Asking price: $5,230,000.00
Taxes: $16,297.68 (2015)
Lot size: 60 feet by 154 feet
Agents: Lindsay and Melanie Wright, Re/Max Hallmark Realty Ltd.
The back story
Twenty-five years ago, television producer Linda Schuyler went to look at a vintage cottage with a rare perch on the edge of the sand in Toronto’s eastern Beaches.
Nothing about the interior suited her taste, she says, recalling the dark wood beams and white walls.
“It was so drab,” she says. “The decor all needed to go.”
But despite the gloomy interior, Ms. Schuyler found the view through the windows irresistible.
“The sun was bouncing off the water and the lake was so beautiful and so calming,” she says.
She could also sense an ineffable karma in the comfortable old dwelling, which had been home to only two other families.
“I have to live here,” decided Ms. Schuyler, who was about 10 years into her run as co-creator of the phenomenally successful Degrassi dynasty, which began with The Kids of Degrassi Street in 1980.
Ms. Schuyler learned that the Arts and Crafts-style cottage had been built around 1915, when the Beaches was still a summer vacation destination for people who lived in Toronto. It was built at the foot of Munro Park Avenue, on the land where Munro Amusement Park entertained visitors between 1896 and 1910.
Today, only 14 properties line the stretch of shore beyond the end of the boardwalk. Over the years, the area’s original cottages have become year-round homes.
At times, the house provided more than traditional shelter: When arts funding was chopped and bank credit was hard to come by during the 1990s, the independent producer was able to use the property as collateral for financing such series as Liberty Street.
The house today
Ms. Schuyler has gradually transformed the original cottage into a more spacious and modern house with five bedrooms and four bathrooms.
On the main level are the living room and dining room, with a family room overlooking the water and doors opening to a large porch facing the lake. Upstairs, the master bedroom opens to a large balcony.
Her aim, Ms. Schuyler says, has always been to maintain the “beach house” atmosphere of comfort and ease.
The kitchen was renovated soon after Ms. Schuyler moved in and updated over the years. In 2004, she had a two-storey addition built at the rear to provide a media room, an additional bedroom and a bathroom. There’s also a two-car garage and a coach house that can be used as a studio.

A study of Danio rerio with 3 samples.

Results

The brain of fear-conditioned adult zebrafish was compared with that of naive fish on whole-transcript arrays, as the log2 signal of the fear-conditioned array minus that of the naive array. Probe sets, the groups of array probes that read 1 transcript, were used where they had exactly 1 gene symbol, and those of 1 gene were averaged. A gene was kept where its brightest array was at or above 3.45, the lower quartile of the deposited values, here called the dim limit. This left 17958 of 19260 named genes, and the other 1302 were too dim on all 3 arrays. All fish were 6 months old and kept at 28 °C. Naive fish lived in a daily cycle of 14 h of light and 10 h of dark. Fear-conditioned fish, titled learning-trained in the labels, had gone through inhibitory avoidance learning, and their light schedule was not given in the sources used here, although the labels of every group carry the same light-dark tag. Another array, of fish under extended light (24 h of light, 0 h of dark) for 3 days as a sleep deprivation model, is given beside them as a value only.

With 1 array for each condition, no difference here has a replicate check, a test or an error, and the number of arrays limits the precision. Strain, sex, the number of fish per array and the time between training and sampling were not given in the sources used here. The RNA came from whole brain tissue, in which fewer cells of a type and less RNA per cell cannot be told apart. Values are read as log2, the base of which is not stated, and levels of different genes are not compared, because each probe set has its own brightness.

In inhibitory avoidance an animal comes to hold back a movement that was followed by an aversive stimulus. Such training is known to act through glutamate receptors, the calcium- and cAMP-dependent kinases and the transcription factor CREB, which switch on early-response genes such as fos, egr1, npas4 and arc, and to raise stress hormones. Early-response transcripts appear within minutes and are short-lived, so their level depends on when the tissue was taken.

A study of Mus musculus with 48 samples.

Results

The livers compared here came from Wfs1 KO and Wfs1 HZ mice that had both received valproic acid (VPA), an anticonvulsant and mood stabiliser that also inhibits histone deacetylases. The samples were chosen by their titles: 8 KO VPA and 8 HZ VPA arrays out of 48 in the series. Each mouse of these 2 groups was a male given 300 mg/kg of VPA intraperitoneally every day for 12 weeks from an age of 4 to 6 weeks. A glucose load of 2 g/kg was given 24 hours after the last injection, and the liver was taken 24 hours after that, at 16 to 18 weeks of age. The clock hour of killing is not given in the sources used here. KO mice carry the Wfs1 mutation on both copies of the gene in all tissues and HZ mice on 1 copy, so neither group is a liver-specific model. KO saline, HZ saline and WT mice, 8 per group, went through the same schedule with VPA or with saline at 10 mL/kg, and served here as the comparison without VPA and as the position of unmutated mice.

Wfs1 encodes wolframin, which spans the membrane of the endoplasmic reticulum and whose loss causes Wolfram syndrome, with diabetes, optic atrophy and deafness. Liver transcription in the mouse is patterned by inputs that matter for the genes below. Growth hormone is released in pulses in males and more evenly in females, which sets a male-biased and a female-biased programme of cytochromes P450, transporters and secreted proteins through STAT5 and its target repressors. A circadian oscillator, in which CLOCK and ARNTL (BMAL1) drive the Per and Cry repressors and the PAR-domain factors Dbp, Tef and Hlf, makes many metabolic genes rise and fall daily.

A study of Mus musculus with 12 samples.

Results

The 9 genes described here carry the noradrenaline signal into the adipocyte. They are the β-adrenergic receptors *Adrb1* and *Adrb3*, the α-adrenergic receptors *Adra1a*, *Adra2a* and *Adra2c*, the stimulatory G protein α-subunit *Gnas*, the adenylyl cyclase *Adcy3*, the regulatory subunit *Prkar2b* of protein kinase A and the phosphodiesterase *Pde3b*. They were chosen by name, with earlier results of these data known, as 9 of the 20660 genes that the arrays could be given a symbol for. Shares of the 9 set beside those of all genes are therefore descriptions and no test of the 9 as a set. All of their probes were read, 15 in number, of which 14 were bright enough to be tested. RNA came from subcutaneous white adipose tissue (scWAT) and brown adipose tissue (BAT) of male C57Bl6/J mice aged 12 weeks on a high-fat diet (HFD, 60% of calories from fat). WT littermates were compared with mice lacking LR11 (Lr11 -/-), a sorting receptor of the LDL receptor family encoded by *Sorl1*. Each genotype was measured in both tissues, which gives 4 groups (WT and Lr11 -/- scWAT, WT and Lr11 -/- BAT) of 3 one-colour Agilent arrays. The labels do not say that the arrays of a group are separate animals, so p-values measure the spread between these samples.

She had the stark interior redesigned with light, fresh paint colours.
About 12 years ago, she added the swimming pool with a waterfall and infinity edge. The sightline creates the illusion of being right in the lake, Ms. Schuyler says.
“The swans will swim by on the lake and I feel like I’m swimming right beside them.”
Ms. Schuyler considers the door facing the lake to be the front door. She always encourages visitors to arrive that way by approaching the house from the garden. A side entrance gives the house a second street address of 1 Munro Park Ave.
Ms. Schuyler points out that Munro Park Avenue has been lauded as one of the most desirable streets in Toronto.
“We’ve got those beautiful, beautiful old oak trees.”
The streetscape on the dead-end street is also very appealing, she points out.
“It’s so eclectic. Not one house looks like the others.”
After a visit to San Francisco, Ms. Schuyler was inpsired by that city’s “painted ladies” to have the exterior of 434 Lake Front painted in seven different colours. The “painted ladies” are Victorian-era houses that have been painted in multiple colours in order to highlight their architectural adornments.
The house has been the backdrop for many celebratory occasions, Ms. Schuyler says, including her own wedding to lawyer and producer Stephen Stohn. The two are also business partners and together they built Epitome Pictures Inc. The company was purchased by DHX Media Inc. last year, but Mr. Stohn and Ms. Schuyler have remained at Epitome as executive producers on Degrassi and other series.
The house and pool have also seen lots of cast barbecues and songwriters’ camps. There have been parties when series have launched and parties when series have wrapped, including gatherings for the mystery series Open Heart and the drama The L.A. Complex, Ms. Schuyler says.
“Particularly in the summer, you can throw the doors open and people can wander,” she says. “It works very nicely for team-building. It’s a party house.”
When she has time to relax, Ms. Schuyler says she enjoys the evenings on the front porch because the sunsets and lake conditions vary so much. The lake will appear clear and calm one day and a windstorm will whip up the waves the next.
“Every night it’s a different view.”
One year, dramatic conditions arrived on Christmas Day and snow drifts covered the beach while surfers took to the huge waves rolling in.
“You never quite know what you’re going to see,” Ms. Schuyler says. “It’s always a moving tableau.”
After many years in the Beaches, Ms. Schuyler and Mr. Stohn have decided to move into a condo unit. They will also spend more time at their farm in the countryside east of Toronto.
“We’re simplifying our city life.”
The best feature
“It’s intangible karma” is undoubtedly the quality she cherishes most in the house, Ms. Schuyler says.
A small platform near the pool is a favourite spot for her morning salute to the sun.
“It’s just very calm and a lovely place to do yoga.”
The house is large enough for parties of 100 and up, she says, but the rooms never feel overwhelming in size.
“It makes you feel good when you’re with people and it makes you feel good when you’re alone.”